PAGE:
Dealing with China

So, Justin Trudeau is off to China:


Well, China is different … we, most of us, don’t understand how different it is but it’s more than just language or population or geography or history … it’s an amalgam of all those things and hundreds, thousands more.

It would be really helpful if Justin Trudeau was familiar with this …

… it’s Sun Tzu’s famous, time tested and battle proven, “Art of War.” I guarantee that his hosts are all not just familiar with it, most can recite its main precepts. Those same leaders think that “war” goes well beyond battles and soldiers and they believe the principles of the “art” of war extend to international relations, including trade and diplomacy.

Most “experts” think that a Canada-China Free(er) Trade deal would be beneficial, and some are hopeful that Prime Minister Trudeau will build on the good, solid work done by Prime Minister Harper’s government to broaden and deepen trade ties with China, but all must appreciate that relations with China are complex:

  • First, there are deep cultural differences that makes even diplomatic discourse more difficult than with countries as foreign as, say, Armenia, Brazil or Cameroon;
  • Second, it is not a relationship between equals, not even near equals. The Chinese are even more conscious of their enormous size, power and influence than are the Americans; and
  • Third, both sides are myopic … just like us, the Chinese want to see the world through one, single, clear (to them) lens.

Prime Minister Trudeau needs to read more than just Sun Tzu, he also needs to remember British politician George Macartney’s mission to China in 1792. The lesson from 1792 is that we need to show China all the respect that its status as a great power requires, but, no matter what the emperor demands, we must never kowtow

The_reception_of_the_diplomatique_and_his_suite,_at_the_Court_of_Pekin_by_James_Gillray

1297843406365_ORIGINAL… but it is kowtowing that many people accused Foreign Minister Stéphane Dion of doing when visiting Chinese foreign minister Wang Yi berated a Canadian journalist, in Canada, for being “irresponsible” when she asked about Canadian citizen Kevin Garratt who is in a Chinese prison facing espionage charges. I think that Minister Wang did what many very senior Chinese officials do, as a matter of course, he pushed a bit (some would say a lot) beyond the normal “standards” of diplomatic practice to “test” his opposite number. Not surprisingly, Stéphane Dion failed the test. It was the sort of thing about which even Queen Elizabeth complained and it is something right out of “The Art of War.”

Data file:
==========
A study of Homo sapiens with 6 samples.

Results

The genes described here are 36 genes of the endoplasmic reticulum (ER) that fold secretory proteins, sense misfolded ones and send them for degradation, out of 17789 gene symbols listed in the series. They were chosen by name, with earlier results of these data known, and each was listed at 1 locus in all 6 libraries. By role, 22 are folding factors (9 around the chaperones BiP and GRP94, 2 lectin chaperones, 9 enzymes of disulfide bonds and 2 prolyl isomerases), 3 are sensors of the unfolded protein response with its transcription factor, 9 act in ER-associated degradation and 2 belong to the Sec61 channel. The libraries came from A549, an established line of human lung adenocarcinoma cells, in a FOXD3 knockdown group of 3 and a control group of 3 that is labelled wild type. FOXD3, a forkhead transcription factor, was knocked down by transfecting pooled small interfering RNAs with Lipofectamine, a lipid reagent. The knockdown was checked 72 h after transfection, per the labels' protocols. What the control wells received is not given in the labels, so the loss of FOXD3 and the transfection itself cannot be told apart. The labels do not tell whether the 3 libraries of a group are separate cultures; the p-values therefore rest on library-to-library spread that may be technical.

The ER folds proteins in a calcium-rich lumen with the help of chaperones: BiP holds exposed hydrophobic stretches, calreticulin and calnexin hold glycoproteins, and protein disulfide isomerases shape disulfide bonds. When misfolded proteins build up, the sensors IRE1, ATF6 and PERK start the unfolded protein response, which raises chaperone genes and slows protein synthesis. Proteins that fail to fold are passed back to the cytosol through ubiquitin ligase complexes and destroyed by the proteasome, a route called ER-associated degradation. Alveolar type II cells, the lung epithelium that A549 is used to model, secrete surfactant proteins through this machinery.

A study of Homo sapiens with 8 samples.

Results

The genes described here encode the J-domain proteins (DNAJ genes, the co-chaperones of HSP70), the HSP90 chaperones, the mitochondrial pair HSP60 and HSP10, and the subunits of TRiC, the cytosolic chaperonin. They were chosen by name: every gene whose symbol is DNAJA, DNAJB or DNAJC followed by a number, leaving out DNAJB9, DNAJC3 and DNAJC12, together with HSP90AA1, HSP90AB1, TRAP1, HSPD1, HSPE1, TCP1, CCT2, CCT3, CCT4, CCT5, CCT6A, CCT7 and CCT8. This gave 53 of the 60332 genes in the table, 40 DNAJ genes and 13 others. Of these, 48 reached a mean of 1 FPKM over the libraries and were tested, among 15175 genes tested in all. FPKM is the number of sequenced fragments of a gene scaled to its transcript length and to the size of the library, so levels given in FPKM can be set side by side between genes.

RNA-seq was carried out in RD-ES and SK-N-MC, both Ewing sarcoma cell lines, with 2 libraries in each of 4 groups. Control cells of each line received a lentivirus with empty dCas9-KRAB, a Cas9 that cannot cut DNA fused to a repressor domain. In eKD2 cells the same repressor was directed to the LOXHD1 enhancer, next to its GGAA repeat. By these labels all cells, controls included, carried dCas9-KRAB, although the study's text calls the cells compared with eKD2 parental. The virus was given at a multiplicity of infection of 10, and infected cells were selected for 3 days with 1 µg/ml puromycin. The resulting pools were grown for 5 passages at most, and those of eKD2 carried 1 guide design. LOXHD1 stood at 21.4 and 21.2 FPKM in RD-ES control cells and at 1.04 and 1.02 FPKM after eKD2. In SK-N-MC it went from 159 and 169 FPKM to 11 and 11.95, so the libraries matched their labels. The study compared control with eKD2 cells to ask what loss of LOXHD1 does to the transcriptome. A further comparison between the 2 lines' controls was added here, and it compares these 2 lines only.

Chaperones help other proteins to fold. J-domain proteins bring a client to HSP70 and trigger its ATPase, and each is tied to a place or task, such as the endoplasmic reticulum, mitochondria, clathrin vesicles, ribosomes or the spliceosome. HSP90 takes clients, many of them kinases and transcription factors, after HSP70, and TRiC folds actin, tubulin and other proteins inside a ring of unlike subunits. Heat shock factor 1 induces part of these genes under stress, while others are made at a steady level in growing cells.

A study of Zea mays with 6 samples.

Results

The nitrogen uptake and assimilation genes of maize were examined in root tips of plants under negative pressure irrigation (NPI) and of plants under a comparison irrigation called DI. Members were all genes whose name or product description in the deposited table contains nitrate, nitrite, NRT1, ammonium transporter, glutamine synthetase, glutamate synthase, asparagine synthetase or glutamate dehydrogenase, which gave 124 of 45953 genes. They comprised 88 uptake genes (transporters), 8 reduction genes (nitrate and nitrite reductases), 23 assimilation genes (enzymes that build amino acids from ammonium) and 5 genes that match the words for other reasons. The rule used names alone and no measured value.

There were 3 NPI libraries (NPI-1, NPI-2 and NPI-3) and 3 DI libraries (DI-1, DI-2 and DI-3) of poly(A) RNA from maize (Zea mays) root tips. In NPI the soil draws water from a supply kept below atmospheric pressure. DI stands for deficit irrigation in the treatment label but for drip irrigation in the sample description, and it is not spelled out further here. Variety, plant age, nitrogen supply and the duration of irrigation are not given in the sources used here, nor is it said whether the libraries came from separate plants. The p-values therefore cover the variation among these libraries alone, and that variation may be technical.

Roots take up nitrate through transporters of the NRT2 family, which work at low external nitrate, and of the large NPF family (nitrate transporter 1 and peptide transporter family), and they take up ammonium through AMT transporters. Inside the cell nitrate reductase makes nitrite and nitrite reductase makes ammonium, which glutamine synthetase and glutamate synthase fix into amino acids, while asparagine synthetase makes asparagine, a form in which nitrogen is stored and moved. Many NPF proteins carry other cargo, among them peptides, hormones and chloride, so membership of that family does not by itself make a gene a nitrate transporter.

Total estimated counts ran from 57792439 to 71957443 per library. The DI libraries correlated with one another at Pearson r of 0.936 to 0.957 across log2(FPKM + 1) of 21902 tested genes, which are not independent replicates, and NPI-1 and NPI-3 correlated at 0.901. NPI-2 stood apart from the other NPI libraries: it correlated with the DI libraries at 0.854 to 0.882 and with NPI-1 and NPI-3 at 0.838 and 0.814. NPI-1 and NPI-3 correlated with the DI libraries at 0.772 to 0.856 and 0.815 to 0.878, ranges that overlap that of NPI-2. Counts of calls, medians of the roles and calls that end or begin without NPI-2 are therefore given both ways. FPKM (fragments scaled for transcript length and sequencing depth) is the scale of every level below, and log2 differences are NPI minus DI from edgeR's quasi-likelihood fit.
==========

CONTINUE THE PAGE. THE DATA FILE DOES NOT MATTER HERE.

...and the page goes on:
Prime Minister Harper must learn that he needs to be polite, a good guest, as Minister Wang was not, but he must not allow himself to be bullied.

Prime Minister Trudeau must, of course, “play” to the Canadian, not the Chinese, media … and the Sun, the Star and the Globe and the Citizen, the Colonist and the Standard all want imageto hear that he upbraided the Chinese on human rights and that he asked for the release of Canadians being held in Chinese custody and so on. He should do all that, but in private, when he meets with Premier Li Keqiang and Paramount Leader Xi Jinping, and then talk, discretely, about it with journalists on the trip home. It is not a good policy to say and do things, when visiting China, that might make your Chinese hosts “lose face” in their own country … that’s just diplomacy 101. While he’s in China he needs to be selling the advantages of free(er) trade with Canada … under mutually beneficial terms. The Chinese want what we have on offer and we should want to sell to them (and buy from them, too … it’s a “deal” remember, and in a good deal both sides get what they really need but they give something, too) but he cannot cave in to every Chinese demand. The Chinese will, for example, likely, demand that we build a pipeline to a Pacific port. We should do that, but, given our laws and our politics, it is not something that any Canadian prime minister can guarantee as part of a foreign trade deal.

The broad, strategic goal for everyone in the West, including Canada, ought to be to bring China into the peaceful, cooperative family of peaceful, open, free(er) trading nations. The Chinese have a price. One part of that price if a public display of, at least, respect from world leaders like Prime Minister Trudeau. The Chinese would like to have deference, and they will get that from some; Canada is a G7 country (and Canada should push to expand the G7 to the G9 with both China and India as members), by almost every important ranking Canada is a “top ten” nation and, by virtual all measures in the top 10% of nations; we need not defer to China now should we ever kowtow.